Manor Vellum

By Chad Collins


Hard to Die (also known as Sorority House Massacre III) is, in perhaps the best way possible, something like a hypnogogic hallucination. Like the rest of…


By Sara Century


It can be a bit of a trip to look back on movies and books of yesteryear that attempted to address gender and sexuality amid the significantly more repressed cultural norms of their respective eras. It’s true that they are not often wholly successful, yet they can still be strangely intriguing. Case in point, we have Prey (1977), a movie that is basically an adaptation of the novella The Fox (1923) but with a human-eating alien species thrown into the mix.

The Fox by D.H. Lawrence inspired its own film adaptation in 1967, which in turn apparently…


By Patrick Brennan


She was a huge fan of the genre in all its forms, be it literary (she worshipped at the altar of Stephen King) or cinematically (I can still see the VHS copies of A Nightmare on Elm Street, Halloween, and Night of the Living Dead peppering the floor of her bedroom). When I was little, she tried to shield me from horror but as I grew older my enthusiasm broke down her defenses, and she began to guide my budding love of all things weird and macabre. Mom was a…


By Taylor Hunsberger



By Brian Keiper


I have been a Star Wars fan for as long as I can remember. I grew up hooked on the original trilogy and stood in line for a midnight showing of the final prequel. I own more collectibles than I have room to display. I have built models of X-Wings and Star Destroyers and have several more still to be assembled. There was a meme traveling around Twitter a while back asking the question “what movie did you see the most in theaters?” To a bit of my embarrassment, my answer is The Phantom Menace (1999), the…


By James Reinhardt


We’ve all seen it in movies before — a group of shallow, unlikeable teenagers decide to venture someplace that they shouldn’t for a weekend of debauchery. From the very beginning, the movie is telling us “Oh yeah, you’re gonna love watching these people get murdered.”

Will we though?

There’s a mode of thinking when making a horror film that the prospective group of victims should be as unlikable as possible so that we enjoy seeing them suffer a horrific fate later in the movie. This reasoning seemed to gain particular popularity in the 80s when slasher films…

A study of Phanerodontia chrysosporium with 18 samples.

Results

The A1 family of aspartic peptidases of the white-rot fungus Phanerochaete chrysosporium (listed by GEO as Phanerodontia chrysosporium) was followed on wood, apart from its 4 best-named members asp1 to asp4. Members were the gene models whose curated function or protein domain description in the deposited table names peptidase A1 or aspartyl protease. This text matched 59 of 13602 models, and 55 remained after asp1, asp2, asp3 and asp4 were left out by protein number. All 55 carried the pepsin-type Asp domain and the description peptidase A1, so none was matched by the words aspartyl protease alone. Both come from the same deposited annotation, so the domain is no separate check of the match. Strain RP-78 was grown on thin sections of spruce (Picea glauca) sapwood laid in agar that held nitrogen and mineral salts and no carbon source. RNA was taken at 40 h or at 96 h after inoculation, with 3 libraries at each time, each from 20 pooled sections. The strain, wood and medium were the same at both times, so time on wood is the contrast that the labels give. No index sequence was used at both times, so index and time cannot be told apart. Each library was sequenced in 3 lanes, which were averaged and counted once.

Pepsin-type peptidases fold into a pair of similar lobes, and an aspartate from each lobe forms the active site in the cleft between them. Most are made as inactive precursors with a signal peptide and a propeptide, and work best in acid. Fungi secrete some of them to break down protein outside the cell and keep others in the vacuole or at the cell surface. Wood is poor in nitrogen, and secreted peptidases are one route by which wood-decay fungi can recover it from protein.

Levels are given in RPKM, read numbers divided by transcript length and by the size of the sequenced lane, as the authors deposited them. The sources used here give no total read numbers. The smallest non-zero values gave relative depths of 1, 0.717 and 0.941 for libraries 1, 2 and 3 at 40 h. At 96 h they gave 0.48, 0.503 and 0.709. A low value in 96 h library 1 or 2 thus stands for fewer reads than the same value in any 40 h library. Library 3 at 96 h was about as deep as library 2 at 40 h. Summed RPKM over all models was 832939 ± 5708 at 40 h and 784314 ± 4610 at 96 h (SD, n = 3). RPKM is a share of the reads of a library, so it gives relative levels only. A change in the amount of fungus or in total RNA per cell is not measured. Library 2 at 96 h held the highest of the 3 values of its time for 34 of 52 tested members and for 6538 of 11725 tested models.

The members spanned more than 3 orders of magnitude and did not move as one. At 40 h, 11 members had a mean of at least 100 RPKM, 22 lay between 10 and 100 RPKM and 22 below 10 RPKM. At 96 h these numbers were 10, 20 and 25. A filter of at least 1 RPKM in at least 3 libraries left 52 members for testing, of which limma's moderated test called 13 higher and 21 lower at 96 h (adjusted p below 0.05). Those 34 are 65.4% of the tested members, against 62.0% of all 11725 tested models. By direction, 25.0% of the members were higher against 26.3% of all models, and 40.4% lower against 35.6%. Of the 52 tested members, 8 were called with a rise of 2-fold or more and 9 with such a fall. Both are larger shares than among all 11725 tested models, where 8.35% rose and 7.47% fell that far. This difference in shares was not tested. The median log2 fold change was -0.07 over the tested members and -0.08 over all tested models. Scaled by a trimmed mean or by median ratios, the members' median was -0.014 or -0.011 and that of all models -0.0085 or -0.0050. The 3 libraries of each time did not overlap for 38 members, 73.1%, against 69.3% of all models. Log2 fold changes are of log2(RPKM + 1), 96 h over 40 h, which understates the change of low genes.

By Sara Century



By Brian Keiper


Horror has been a genre built on mythic storytelling from the beginning. The bricks of myth are archetypes and tropes that speak to our humanity on its deepest levels. This should not and does not mean that creativity and originality are not factors, quite the contrary. It does mean that we can instantly connect with certain characters and situations because they carry a recognizable element. From the early days of horror films, archetypes like the mad scientist, man-made monster, vampire (incubus and succubus), and the familiar have given us multitudes of memorable characters: Dr. Caligari, Dr. Frankenstein…


By Brian Keiper


1984 may well be the greatest year in the history of filmed horror, both in content and in consequence. The list of memorable movies from that year is nearly endless, from massive blockbusters to cult favorites and indie gems. It also provided two perennial classics for the Christmas season, both of which had repercussions far beyond the flickering images on the screen.

June 8, 1984, has to be the greatest single day in “family” horror as two truly classic PG-rated terrors hit the screen on that day. One remains the ultimate in horror-comedy perfection, Ghostbusters, and the…


By Sara Century


Films about murderous children are nothing new. Tapping into parental anxieties over not doing enough to protect their children and giving absolute evil a face of relative innocence has led to some of the greatest stories in the horror canon. Classics like The Bad Seed (1956) and Village of the Damned (1960) paved the way for mainstays like The Exorcist (1973) and The Omen (1976), which in turn has led to more nuanced fare like Here Comes The Devil (2012) and Goodnight Mommy (2014).

Even amid so many great “evil child” movies, The Children (2008) stands out…

Manor Vellum

A membrane of texts about the human condition within the horror genre. A MANOR feature.